When taking on a home improvement project as major, time-consuming, and expensive (!!!) as a kitchen renovation, the last thing that you want to do is make a few choices now that you end up regretting later — especially if that ends up meaning you wasted money.
To help identify the biggest money-wasting no-nos to avoid, we consulted a few kitchen design experts. Having been around plenty of renovations, they had some good live-and-learn lessons and what-not-to-dos to share.
1. Neglecting to plan for storage space.
"The biggest mistake in kitchen design is not enough storage. We had one client who wanted a unique statement wall which led to limited storage. It would have been a disaster — where would all the cooking supplies go?" — Michael Mitchell and Tyler Hill of Mitchell Hill Inc., Charleston, SC
2. Buying into trends.
"Kitchens are one of the most expensive rooms in the home. If you buy that fun candy apple red stove or unlacquered brass faucet, chances are you will get tired of it within a few years. If you choose classic, timeless design — such as polished chrome on large appliances — the features will likely last you longer than five to seven years. If you love trendy colors or metals, consider using them on smaller fixtures or paint your walls." — Chad James of Chad James Group, Nashville, TN
3. Choosing the wrong countertop material.
"Many people neglect to consider their lifestyle when designing a kitchen. If you are an adventurous chef, or have young children, you should probably go with a durable countertop, like stone quartz. If you want something more elevated, and design-focused, perhaps Calcutta or Carrara marble. Countertops vary greatly in price, so it is best to think long-term. " — Cynthia Spence of Cynthia Spence Design Inc., San Francisco Bay Area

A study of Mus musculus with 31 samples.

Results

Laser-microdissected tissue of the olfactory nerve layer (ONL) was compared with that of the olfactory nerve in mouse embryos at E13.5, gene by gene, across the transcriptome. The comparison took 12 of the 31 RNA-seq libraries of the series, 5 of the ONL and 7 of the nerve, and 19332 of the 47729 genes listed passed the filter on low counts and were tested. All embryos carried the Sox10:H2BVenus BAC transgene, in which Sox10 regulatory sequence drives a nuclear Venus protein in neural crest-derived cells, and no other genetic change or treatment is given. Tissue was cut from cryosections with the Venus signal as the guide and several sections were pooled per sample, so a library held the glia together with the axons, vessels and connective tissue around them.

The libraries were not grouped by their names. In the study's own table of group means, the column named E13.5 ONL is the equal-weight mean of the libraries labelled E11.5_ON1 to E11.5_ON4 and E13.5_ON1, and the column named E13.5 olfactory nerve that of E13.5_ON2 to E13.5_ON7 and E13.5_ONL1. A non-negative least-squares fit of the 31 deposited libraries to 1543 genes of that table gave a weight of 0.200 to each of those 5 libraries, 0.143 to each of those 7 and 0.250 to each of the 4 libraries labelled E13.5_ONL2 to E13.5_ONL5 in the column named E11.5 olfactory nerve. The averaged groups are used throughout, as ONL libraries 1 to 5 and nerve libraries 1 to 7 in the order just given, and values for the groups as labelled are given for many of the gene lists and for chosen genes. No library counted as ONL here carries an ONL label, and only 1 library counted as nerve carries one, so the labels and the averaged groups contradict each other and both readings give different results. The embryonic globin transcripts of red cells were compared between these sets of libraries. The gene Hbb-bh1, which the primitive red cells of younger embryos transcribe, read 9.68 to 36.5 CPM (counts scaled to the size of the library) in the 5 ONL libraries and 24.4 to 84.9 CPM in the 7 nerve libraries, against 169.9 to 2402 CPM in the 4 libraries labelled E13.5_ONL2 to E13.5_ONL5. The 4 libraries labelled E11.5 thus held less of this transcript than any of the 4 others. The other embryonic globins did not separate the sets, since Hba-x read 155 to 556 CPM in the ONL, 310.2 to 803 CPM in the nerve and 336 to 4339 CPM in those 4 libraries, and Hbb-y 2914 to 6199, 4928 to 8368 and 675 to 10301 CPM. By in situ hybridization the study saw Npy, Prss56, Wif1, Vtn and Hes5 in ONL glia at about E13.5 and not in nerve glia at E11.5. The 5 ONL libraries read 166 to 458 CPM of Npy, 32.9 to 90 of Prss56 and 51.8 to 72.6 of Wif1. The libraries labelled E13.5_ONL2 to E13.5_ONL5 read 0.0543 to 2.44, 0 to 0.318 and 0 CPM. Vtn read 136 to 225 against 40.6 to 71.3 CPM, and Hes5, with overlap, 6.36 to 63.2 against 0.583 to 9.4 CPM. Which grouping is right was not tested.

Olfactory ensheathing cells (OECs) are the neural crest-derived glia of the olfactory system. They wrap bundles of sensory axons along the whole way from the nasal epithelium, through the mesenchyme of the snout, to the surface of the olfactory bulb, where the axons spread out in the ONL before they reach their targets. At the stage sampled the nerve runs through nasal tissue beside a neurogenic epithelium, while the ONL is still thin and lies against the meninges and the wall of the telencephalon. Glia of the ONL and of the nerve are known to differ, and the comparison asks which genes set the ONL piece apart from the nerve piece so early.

4. Cheaping out on cabinetry installation.
"One of the biggest money mistakes people can make is skimping on cabinet installation. A bad installer can make even the best cabinetry look terrible and turn a dream project into a nightmare. A great installer, on the other hand, can make IKEA look like a million bucks (well, almost!)." — Courtney McLeod of Right Meets Left Interior Design, NYC
5. Playing it safe with backsplash.
"Since the backsplash is typically at eye level, it's high-impact kitchen real estate. The price between ordinary and more unique tile won't typically break the bank for such a small area — and the cost of labor is the same. I recommend spending a little more on backsplash to create a bespoke kitchen." — Cynthia Spence of Cynthia Spence Design Inc., San Francisco Bay Area
Did you renovate your own kitchen only to regret something later? Tell us about it in the comments below.